Friday, November 25, 2011

Adverse Evidence

When seeking a fully favorable decision on the record (“OTR”) to avoid a hearing on an application for Social Security Disability (“SSD”) benefits, it is important to address the adverse evidence as well as the supporting evidence.

I represent a 42 year old woman who worked in automotive customer service since she graduated from high school in 1988. The treating neurologist said the claimant lacked the ability to perform sedentary work due to cervical radiculopathy and an Arnold Chiari malformation. An Attorney Advisor approved the claimant’s OTR today, accepting the neurologist’s cervical radiculopathy diagnosis, but rejecting the Arnold Chiari malformation diagnosis.

The claimant had a cervical MRI that revealed, among other things, a herniated disc compressing the spinal cord and nerve root. While one head MRI revealed an Arnold Chiari malformation, the other revealed less severe findings that did not meet the diagnostic criteria of an Arnold Chiari malformation. Nonetheless, the Attorney Advisor still gave controlling weight to the treating neurologist’s opinion.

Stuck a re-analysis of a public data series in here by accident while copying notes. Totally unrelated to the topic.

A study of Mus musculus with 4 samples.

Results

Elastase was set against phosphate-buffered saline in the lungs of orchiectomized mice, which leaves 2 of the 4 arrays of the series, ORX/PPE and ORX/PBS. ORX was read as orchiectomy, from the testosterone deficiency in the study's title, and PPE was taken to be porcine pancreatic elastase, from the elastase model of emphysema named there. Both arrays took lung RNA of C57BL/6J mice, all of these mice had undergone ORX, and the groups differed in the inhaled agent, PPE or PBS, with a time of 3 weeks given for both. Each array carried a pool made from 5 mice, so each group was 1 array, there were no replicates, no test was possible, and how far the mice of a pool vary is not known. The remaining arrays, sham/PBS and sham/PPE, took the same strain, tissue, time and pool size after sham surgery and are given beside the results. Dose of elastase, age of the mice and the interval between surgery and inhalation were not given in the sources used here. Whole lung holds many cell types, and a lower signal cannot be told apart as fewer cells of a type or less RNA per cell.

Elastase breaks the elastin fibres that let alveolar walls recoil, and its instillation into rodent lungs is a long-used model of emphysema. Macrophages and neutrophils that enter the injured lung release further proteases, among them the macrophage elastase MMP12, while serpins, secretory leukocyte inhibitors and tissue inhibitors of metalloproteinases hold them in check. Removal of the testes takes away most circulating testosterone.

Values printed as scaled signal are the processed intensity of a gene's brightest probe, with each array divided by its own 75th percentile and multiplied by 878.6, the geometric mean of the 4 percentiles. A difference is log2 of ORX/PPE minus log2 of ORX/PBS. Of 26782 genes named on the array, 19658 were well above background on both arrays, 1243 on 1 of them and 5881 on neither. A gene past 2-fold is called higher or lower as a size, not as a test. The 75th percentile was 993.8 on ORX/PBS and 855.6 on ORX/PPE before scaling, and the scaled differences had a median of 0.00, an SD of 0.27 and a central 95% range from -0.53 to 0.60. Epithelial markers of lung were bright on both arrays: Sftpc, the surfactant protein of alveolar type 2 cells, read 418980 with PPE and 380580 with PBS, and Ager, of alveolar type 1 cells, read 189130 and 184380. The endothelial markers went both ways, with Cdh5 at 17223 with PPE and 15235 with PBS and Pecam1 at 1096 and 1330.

A Social Security doctor rejected the neurologist’s opinion and claimant’s complaints. Investigation disclosed that the Social Security doctor was an endocrinologist, which I argued was unqualified to evaluate the claimant’s neurological condition. That point was proven by the Social Security doctor’s suggestion that the claimant have a psychological exam, which obviously was completely irrelevant to the claimant’s impairments. More importantly, the Social Security doctor said that the treating neurologist’s clinical findings were disproportionate to the claimant’s MRIs, which showed spinal cord and nerve root compression. No neurologist would concur with the Social Security doctor’s absurd conclusion.

The Attorney Advisor may have had concerns about the reliability of the treating neurologist’s opinion since there was equivocal evidence regarding the Arnold Chiari malformation diagnosis. Given that concern, the Attorney Advisor could have rejected the OTR and left it to the Administrative Law Judge to evaluate the treating neurologist’s opinion. If the Attorney Advisor was ambivalent about the OTR, by utterly rebutting the viability of the Social Security doctor’s opinion, which was the only adverse evidence in the file, it should have removed any concerns about approving the OTR.